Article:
The Cyber Insurance Industry’s Plans Are Based on Yours

Industries that have yet to make appropriate security changes should take inspiration from the insurance industry and formulate a detection and response strategy.

Illustration: © IoT For All

As per Wikipedia, the term cyber is a buzzword for a whole range of IT and security policies, strategies, and monitoring techniques based on digital communication pathways. Cybersecurity, on the other hand, has a much more direct purpose and set of objectives – namely, to prevent foreign attacks into a network and to maintain the security and functionality of a secure digital environment.

While the motives of cybersecurity might be clear and well-intentioned, they are certainly far from static and effective. An IT department must be innovative and thorough in order to stem the increasing tide of malware, service attacks and extortions happening across every industry. Below is a rundown of some key trends that have contributed to the rise of cybersecurity attacks in recent years, with a specific focus on the insurance industry to highlight what innovative approaches must be taken in order to retain consumer trust.


Trend #1: A Shift From Tangible Assets to Intangible Assets

A massive shift in the valuation of companies has exposed the business community to increased cybersecurity threats in the past couple of years. Traditionally, the valuation of a company was derived from the collection of tangible assets it could claim to have in its possession. Tangible assets are material entities like machinery, equipment, buildings, land, and stock evaluation. It used to be that these were the defining contributors to the estimation of a company’s overall value. They’re static entities that were more stable than revenue and gross or net yearly earnings.

In the past couple of years, the value of a company has shifted away from tangible assets towards intangible assets. Intangible assets are non-physical features of a company – things like brand recognition, brand reputation, IP address, total value of data collected, customer relations, suppliers relations, and so on. The fact that data has gained so much more value in the business community means that hackers and cyber-criminals have more incentive than ever to hack IT firewalls and hold data for ransom.

Trend #2: The Rise of Mobile

A contributing factor to the rise of cybercrime is the twin force of accessibility and connectivity. More people are using computers and phones now than ever, and increasingly, our phones are connected to our computers (and beyond) without the most robust firewall security in place. As more people take their life and work with them everywhere they go without updating their phones for cyber-crime prevention, intelligent and trained cybercriminals are finding it easier to steal data under the noses of data providers.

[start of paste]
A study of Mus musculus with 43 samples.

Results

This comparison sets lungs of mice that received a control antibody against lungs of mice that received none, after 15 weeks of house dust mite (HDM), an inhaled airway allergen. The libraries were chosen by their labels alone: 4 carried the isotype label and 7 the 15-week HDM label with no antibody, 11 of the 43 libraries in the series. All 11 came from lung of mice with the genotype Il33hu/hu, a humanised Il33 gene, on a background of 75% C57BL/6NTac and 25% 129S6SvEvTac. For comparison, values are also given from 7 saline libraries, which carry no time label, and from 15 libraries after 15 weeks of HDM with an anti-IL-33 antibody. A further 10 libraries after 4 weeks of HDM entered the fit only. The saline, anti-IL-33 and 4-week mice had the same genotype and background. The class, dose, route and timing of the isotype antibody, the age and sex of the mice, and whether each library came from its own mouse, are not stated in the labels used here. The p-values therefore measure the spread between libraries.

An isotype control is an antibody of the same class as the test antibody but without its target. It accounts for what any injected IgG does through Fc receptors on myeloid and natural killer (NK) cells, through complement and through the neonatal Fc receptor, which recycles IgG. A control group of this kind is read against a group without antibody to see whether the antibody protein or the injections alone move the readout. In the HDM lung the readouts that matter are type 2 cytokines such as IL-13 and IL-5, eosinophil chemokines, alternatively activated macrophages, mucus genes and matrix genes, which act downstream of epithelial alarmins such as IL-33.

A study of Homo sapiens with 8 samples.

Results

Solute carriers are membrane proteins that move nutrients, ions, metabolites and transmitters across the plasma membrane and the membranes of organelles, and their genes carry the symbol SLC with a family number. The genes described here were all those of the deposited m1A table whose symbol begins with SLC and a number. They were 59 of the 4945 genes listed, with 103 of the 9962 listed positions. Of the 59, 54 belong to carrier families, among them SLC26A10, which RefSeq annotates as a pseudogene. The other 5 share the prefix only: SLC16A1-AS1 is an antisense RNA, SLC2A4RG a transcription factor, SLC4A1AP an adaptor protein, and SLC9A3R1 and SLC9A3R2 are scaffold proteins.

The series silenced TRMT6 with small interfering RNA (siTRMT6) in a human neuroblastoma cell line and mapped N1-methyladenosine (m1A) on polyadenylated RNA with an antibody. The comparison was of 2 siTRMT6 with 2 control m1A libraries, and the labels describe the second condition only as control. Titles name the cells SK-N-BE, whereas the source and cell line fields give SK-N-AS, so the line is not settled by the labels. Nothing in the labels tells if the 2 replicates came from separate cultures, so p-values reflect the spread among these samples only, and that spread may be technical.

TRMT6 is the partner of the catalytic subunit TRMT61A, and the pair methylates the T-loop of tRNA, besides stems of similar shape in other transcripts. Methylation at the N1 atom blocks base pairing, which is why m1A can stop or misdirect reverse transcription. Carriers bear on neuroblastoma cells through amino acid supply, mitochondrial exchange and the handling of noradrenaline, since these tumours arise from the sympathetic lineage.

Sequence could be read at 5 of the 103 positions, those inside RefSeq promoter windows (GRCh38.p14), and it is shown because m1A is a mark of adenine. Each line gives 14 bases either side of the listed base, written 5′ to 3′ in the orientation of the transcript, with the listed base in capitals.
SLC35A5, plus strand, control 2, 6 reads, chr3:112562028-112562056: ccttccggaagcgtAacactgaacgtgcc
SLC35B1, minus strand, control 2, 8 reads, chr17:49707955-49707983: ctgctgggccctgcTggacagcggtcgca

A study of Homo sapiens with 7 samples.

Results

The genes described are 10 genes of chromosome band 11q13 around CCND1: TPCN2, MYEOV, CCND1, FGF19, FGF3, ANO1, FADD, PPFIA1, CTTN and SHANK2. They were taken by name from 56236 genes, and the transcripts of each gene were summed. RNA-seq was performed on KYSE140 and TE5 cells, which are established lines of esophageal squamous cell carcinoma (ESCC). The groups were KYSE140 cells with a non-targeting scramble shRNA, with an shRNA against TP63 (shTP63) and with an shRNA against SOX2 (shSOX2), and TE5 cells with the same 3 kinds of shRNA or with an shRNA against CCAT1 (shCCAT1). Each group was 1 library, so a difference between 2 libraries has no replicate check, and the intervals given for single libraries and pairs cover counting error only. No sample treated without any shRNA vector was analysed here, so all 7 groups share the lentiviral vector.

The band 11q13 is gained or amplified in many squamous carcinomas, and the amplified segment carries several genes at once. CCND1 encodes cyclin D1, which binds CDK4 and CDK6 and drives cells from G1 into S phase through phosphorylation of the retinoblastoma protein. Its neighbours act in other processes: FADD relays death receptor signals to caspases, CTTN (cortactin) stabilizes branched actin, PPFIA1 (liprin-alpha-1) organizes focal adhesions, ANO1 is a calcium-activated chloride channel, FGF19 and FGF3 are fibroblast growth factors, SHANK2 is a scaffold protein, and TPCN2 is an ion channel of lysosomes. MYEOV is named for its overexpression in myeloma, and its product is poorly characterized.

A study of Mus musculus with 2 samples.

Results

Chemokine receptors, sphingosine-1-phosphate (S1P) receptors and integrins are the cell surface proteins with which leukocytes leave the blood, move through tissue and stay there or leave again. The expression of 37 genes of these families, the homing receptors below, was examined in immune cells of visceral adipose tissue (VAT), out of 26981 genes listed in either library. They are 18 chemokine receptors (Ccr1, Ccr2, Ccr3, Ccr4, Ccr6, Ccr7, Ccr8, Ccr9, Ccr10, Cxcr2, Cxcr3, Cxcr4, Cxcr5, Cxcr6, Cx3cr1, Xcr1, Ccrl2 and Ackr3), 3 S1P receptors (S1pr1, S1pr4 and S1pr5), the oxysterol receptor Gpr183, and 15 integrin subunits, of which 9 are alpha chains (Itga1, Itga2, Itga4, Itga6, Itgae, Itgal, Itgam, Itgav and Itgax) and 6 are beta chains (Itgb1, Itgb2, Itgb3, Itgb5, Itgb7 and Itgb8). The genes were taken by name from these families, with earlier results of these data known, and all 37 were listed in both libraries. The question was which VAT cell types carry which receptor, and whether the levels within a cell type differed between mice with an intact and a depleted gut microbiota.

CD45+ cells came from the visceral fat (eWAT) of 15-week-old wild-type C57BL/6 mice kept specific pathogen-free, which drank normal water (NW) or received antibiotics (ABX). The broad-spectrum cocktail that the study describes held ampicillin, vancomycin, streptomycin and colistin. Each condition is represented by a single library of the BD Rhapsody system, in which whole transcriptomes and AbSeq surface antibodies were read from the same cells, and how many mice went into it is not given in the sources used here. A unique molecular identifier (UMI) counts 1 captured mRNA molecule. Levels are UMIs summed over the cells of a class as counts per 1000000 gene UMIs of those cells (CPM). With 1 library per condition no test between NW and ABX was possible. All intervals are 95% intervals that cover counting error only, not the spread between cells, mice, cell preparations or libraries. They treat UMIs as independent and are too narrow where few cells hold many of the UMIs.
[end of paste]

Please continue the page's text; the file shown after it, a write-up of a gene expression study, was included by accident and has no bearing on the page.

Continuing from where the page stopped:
Case Study: The Insurance Industry

An excellent industry to observe the impact of cybercrime is the insurance industry, one which deals with reams of confidential data and over $400 billion worth in damages each year. The most important lesson that many insurance companies have had to learn the hard way is that you can never prevent a cyber-attack from occurring. Given the mobile accessibility and ease with which someone can get training, the focus should be less on prevention and more on the following three-step process:

  • Detection: Doing whatever possible to monitor and catch breaches when they happen.
  • Response: Have in place a thorough crisis management strategy that communicates down the supply chain and directly to customers to ensure transparency.
  • Control: Putting together comprehensive legal frameworks to ensure liability coverage is clear.

Accounting for these three stages of the cybersecurity management process is simply what insurance companies must do in 2019 to deal honestly with the risk.

Conclusion

Given the increasing interconnectivity of individual networks across the globe, cybersecurity is only going to become a more pressing issue in the years ahead. Industries that have yet to make appropriate security changes should take inspiration from the insurance industry and formulate a detection and response strategy. Otherwise, the invaluable and intangible assets, like customer satisfaction and personal data, will be lost.

Roland Atoui
Roland Atoui is an expert in cybersecurity and the Internet of Things (IoT) having recognized achievements working for companies such as Gemalto and Oracle with a background in both research and industry. From smart cards to smartphones to IoT technologies. Roland is a new technology enthusiast with a current mission to bring trust to the IoT. After following an Executive MBA education at EDHEC business school in France he founded Red Alert Labs – an IoT security firm addressing both technical and commercial cybersecurity challenges in IoT.